Plaintiff, Fein, sought a preliminary and permanent injunction barring defendant, a National Park Service (NPS) Superintendent, from interfering with a residential construction. The court found that the plaintiff had not exhausted administrative remedies and that there was no final decision to review. Accordingly, the court held it lacked subject matter jurisdiction, and dismissed the action.
Plaintiff was assigned a property right in 1991 stemming from a 1975 deed conveying the property in question to the United States as part of approximately 94 acres to be included in the Virgin Islands National Park. The deed conveyed the land subject to a right of use and occupancy reserved by the grantors for a period of 60 years, which was assigned to plaintiff. This right included the right to construct a single family dwelling so long as it did not interfere with the historic ruins within the area, and also required the grantor to cooperate with NPS.
In 1994, Fein applied through the Department of Planning and Natural Resources (DPNR) for a minor Coastal Zone Management permit to build a residence. NPS never received formal notice, but found out and put DPNR on notice of its interest in project, warned of the project's possible impact on historic ruins on the land, and protested that the architectural plans did not conform to the restrictions on the mentioned deed. Although no evidence was presented that DPNR ever directly responded to NPS, Fein was required to adjust the plans to meet certain standards. The plans were revised and approved by DPNR and the permit was issued. An adjoining landowner who had not received proper notice successfully appealed to the Virgin Islands Board of Land Use Appeals, the initial permit was voided, and the permitting process started anew.
This time, NPS received an official notice from DPNR of Fein's renewed application. NPS responded with a letter advising it of the potential impact on historic properties and the need to comply with the National Historic Preservation Act (NHPA) and the Section 106 process. DPNR did not respond to the letter, and issued the permit before NPS could complete the Section 106 compliance procedures. The commissioner of DPNR then informed NPS that the permit was granted because Section 106 did not apply since the construction of the dwelling was not a Federal undertaking.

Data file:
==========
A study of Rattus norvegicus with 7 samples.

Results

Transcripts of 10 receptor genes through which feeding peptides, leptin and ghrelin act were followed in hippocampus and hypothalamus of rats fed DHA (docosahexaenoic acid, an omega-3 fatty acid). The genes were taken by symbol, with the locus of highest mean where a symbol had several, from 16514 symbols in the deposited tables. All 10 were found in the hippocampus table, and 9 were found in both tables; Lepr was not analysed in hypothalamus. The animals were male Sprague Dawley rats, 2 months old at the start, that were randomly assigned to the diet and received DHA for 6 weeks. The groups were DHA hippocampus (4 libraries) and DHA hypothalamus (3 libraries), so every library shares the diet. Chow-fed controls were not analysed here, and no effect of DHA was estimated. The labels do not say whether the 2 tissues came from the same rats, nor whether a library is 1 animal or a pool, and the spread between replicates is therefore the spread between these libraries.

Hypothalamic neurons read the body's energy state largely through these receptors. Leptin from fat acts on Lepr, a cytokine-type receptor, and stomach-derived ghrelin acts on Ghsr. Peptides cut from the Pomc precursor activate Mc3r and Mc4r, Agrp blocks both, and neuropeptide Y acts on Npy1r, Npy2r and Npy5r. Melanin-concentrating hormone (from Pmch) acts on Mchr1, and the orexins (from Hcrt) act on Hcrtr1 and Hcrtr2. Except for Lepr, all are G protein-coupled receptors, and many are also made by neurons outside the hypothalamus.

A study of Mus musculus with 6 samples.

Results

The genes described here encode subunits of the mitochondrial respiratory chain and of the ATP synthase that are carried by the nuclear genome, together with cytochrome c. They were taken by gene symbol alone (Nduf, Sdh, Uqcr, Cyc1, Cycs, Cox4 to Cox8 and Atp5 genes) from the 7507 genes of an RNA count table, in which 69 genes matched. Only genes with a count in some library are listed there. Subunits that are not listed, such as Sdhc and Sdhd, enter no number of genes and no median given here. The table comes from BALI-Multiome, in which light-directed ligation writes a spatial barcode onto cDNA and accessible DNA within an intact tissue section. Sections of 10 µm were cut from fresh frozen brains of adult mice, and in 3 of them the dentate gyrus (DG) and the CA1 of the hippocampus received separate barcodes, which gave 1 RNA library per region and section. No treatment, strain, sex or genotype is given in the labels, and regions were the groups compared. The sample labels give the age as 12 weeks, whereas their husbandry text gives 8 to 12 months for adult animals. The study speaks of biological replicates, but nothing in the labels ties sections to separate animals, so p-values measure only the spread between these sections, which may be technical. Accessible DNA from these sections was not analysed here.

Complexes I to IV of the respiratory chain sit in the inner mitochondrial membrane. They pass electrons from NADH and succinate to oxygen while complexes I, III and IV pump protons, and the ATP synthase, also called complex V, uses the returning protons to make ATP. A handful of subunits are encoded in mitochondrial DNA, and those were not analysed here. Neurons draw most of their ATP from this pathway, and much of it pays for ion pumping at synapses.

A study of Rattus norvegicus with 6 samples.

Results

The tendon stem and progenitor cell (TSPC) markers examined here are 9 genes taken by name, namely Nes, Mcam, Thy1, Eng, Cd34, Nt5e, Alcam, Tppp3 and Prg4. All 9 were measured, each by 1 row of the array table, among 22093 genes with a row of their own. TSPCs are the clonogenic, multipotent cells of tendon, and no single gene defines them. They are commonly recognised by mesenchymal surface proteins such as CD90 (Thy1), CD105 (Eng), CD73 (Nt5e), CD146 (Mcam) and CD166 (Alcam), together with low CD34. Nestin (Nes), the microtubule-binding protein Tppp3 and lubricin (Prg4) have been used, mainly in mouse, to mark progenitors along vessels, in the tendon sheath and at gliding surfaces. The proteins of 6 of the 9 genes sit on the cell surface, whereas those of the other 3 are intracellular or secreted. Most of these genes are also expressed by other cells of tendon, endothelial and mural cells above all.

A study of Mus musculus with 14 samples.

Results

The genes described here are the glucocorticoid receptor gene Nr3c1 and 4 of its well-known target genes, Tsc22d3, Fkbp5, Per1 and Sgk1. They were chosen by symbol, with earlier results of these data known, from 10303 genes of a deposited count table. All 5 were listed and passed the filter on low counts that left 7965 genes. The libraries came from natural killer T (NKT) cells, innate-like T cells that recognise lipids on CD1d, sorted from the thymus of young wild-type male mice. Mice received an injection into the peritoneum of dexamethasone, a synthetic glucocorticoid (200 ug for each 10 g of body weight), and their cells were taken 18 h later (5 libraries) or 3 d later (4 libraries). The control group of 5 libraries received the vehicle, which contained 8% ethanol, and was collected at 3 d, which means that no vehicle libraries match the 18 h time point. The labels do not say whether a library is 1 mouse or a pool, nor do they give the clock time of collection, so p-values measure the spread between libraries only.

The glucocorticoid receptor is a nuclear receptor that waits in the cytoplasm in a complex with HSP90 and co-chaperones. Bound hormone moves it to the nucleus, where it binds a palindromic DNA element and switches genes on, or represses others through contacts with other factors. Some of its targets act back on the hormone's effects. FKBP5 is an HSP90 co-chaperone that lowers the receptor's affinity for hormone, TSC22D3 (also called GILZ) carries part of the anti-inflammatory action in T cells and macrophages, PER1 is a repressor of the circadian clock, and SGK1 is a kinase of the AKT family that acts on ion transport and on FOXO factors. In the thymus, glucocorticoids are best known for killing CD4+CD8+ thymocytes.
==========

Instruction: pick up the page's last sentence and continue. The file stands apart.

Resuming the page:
When Fein's contractor began site preparation, NPS officers entered the construction site and ordered the contractors to cease all site preparations or risk going to jail. Plaintiff brought this lawsuit seeking equitable relief, including a temporary restraining order (TRO). The TRO was granted on condition that no historic ruins would be disturbed. At the hearing for the permanent and preliminary injunction, it was revealed that the contractor had disturbed some of the ruins by moving a historic stone wall.
The court ruled from the bench that a permanent and preliminary injunction
would not be granted and the matter would be dismissed for lack of subject matter
jurisdiction. The issue of jurisdiction turned on whether Section 106 of the
NHPA and the Archeological Resources Protection Act were applicable. The court
found that they were applicable. The court concluded that Section 106 applied
for two reasons. First, the court reasoned that, pursuant to Section 110(a)
of the NHPA, NPS is required to manage and maintain property it owns to preserve
historic, archeological, architectural, and cultural values in compliance with
Section 106. Also, the court found that NPS is required by Section 106 itself
to take into account the effects that plaintiff's project will have on the construction
site, which is located on a property listed on the National Register.
In reaching these conclusions, the court found that this was an "undertaking" for purposes of Section 106. It construed the statutory definition of "undertaking" to include any project or activity under the direct or indirect jurisdiction of NPS that requires its prior approval, regardless of whether the project or activity is funded in whole or in part by the NPS.
Once the court found that Federal law required NPS to conduct a Section 106 review of the project, it considered whether such review had been completed. At the time the matter was before the judge, a dispute in the Section 106 process (regarding an adverse effect finding) had yet to be resolved by the Advisory Council. Accordingly, the Section 106 review was still in progress. The court therefore concluded that the plaintiff had not exhausted all administrative remedies before seeking relief from the court, and that the court did not have before it a final decision to review.
In addition, the court ruled that even if it had proper jurisdiction, plaintiff would not have been entitled to equitable relief because he had not come to the court with clean hands. By violating the restrictions on the temporary restraining order that this court issued, the plaintiff was seeking equitable relief with unclean hands, violating a long-established rule of equity.